Readings Gen 1:1-5 and Luke 3:10-22
Image, JMW Turner, Study of Sea and Sky (1823–6)
The baptism of Jesus occurs against a backdrop of injustice, amidst calls to redistribute wealth, lay aside profit, and fight corruption, and within a growing sense of religious fervour and political hope. The people were filled with expectation and hopes that John might be the messiah, and yet he is violently swept off the scene.
This is a stark difference to the peaceful quiet beginning, when the Spirit of God hovered over the waters. When God, uncontested and unrivalled, slowly and sublimely spoke the world into being. Where God once looked on creation and saw that all was good… now, Christ walks among this creation looking upon despots and desperation.
Toward the end of that first account of creation human beings are created in the image of God. We bear God’s image and in doing so are called to live as God’s emissaries on earth. Like still waters our lives should reflect the image of the Holy One, on earth as it is in heaven… and yet generations of struggle and strife have muddied the waters, the reflection is disrupted as rough tides occlude the vision of the sky above.
So Christ comes to the river. The eternal Word, through whom all things came into being, comes to be with us. Jesus comes as the image of the invisible God so that if we should struggle to reflect that image, or fail to see it in another’s visage, we can look to Christ. In an act of new creation, Christ plunges into the waters of our worries and woe and emerges in glory. He sees the Spirit that hovered from the first, hovering once more, hears the voice which first spoke all things into life, speaking once more. This scene, taking place in waters marked by human yearning and imperial violence, shows that God remains committed to the goodness of creation, inviting us still into the great work of love and life. The world may no longer be formless, the waters might not be so resplendent, but God is with us and for us.
Jesus plunges into the waters of human struggle and frailty, sharing the burden of all that distracts us from the way of God, all which distorts our ability to behold the image of God in our neighbour and ourself. In his baptism Jesus stills the waters. He is the reflective pool in whom we see the invisible God and understand the gift and responsibility of image-bearing. Jesus shares in our baptism so we may share in his life. So that the divine pronouncement of belovedness offered over him, should be offered over all of us as well. He goes down into the waters with all of us sinners, and draws us up siblings.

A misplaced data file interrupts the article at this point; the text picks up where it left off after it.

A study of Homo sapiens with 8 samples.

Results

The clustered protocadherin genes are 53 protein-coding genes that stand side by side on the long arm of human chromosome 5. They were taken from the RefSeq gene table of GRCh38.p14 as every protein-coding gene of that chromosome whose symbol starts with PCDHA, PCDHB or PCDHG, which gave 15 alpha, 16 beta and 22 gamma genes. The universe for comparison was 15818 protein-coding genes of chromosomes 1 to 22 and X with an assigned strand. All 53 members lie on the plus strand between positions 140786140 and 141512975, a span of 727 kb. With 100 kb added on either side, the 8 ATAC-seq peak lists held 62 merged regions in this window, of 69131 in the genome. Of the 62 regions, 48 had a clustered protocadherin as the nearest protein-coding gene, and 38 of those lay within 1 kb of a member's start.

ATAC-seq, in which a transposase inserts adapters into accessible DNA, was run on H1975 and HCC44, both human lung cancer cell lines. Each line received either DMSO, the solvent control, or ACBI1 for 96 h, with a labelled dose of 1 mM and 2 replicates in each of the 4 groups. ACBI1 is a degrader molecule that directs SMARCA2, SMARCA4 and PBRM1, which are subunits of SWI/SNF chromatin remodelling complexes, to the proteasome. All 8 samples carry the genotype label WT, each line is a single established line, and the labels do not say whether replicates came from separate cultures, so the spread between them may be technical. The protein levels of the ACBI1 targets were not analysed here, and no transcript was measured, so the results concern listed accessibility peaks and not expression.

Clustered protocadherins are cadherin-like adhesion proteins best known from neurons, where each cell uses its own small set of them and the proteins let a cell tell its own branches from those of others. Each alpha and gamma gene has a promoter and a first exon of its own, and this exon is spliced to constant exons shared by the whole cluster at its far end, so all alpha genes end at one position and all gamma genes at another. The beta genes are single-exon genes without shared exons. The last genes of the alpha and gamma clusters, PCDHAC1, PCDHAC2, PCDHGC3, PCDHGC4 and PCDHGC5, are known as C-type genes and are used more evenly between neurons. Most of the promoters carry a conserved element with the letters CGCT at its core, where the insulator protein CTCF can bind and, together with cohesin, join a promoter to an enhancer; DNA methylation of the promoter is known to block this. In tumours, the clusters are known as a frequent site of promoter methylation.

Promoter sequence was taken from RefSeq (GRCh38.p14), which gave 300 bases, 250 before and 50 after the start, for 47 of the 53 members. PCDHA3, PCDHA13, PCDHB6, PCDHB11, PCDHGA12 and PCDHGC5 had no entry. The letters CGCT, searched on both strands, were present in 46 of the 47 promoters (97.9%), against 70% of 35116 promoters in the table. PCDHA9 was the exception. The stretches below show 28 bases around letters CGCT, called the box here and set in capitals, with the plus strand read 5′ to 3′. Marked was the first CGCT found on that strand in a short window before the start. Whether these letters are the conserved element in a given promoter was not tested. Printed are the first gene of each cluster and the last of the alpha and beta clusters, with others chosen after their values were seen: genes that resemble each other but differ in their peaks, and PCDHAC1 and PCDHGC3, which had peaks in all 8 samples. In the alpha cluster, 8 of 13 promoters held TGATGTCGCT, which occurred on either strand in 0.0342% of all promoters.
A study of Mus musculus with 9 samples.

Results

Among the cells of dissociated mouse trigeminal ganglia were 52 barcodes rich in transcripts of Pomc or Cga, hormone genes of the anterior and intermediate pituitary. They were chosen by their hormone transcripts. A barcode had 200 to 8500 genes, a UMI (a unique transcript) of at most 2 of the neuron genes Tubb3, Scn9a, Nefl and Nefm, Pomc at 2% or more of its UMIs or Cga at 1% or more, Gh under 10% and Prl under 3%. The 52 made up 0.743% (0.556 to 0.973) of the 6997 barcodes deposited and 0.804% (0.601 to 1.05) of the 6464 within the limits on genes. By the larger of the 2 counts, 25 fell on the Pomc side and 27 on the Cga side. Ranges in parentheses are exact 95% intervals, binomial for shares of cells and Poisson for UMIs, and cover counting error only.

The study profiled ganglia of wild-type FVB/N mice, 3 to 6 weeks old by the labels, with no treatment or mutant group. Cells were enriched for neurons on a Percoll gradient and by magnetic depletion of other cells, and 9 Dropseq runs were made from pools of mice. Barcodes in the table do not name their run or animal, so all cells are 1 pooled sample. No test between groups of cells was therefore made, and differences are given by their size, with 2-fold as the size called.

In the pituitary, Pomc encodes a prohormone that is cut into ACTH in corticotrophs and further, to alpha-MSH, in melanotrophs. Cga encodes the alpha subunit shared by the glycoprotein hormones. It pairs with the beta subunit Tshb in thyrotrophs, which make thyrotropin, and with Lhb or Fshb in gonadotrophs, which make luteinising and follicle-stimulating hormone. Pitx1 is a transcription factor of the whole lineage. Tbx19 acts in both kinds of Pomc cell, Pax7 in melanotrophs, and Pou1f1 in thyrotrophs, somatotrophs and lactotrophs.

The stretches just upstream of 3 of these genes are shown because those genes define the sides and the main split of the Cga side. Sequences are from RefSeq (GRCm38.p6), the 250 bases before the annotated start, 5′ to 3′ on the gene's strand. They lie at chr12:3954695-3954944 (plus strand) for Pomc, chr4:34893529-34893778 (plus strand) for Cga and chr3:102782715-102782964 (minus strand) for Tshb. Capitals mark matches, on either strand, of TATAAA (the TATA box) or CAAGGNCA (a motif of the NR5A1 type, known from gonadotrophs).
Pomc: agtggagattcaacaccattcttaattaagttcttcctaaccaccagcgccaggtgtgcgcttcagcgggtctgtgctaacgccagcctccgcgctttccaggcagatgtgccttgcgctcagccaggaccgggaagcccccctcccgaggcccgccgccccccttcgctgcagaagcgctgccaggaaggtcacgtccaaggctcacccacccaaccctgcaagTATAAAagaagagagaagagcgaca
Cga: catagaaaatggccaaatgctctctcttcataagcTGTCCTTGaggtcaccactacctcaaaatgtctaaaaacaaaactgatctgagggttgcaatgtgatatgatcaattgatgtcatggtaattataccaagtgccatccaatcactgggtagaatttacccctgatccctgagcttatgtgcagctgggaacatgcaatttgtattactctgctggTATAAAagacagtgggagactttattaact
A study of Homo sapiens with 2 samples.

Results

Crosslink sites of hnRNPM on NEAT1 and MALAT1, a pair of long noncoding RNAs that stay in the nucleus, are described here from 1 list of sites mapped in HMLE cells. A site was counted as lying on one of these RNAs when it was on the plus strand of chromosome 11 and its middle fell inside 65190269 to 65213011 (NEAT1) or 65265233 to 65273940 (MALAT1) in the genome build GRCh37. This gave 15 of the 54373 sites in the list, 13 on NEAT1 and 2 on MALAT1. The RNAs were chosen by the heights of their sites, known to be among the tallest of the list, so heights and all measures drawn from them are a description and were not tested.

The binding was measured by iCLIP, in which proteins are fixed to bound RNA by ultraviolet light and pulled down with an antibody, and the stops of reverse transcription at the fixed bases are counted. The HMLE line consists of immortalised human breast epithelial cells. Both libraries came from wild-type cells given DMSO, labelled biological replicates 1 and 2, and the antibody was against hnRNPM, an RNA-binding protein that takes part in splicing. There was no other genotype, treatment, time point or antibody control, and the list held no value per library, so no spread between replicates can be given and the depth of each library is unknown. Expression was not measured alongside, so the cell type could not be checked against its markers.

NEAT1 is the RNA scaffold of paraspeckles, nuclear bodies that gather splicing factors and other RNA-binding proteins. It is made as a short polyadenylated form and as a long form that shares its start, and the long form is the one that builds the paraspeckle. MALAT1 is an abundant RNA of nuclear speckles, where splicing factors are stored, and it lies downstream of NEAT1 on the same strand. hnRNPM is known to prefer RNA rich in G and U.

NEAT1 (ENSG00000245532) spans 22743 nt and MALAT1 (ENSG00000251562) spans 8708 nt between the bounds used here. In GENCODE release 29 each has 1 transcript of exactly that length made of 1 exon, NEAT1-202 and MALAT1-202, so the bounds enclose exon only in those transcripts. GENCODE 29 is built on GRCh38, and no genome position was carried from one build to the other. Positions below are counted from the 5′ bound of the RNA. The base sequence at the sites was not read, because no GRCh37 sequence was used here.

And as siblings we not only share what is Christ’s by grace, but are called to what is Christ’s by nature. We who share Christ’s righteousness now share in Christ’s commission. A commission to proclaim and pursue the justice of the kingdom of God. For just as John’s teaching before the baptism of Jesus concerned the material requirements of justice and community, the teaching of Jesus following his baptism takes up the same: ‘The Spirit of the Lord is upon me, because he has anointed me to bring good news to the poor. He has sent me to proclaim release to the captives and recovery of sight to the blind, to let the oppressed go free, to proclaim the year of the Lord’s favour.’ Baptism leads us into action, leads us into a particular way of living together, where we pursue justice and equity in our material relations.
We behold the invisible God in the image of Christ, and are led forth with renewed sight into the wilderness of the world to proclaim with Christ the things that make for peace, and to perform with the Spirit, the works of justice and mercy that unbind, raise up, and restore. We are called to become part of Christ’s body the church so we may live together in such a way that stills the waters around us. So that we might better reflect who it was that made us, and who we are made to be.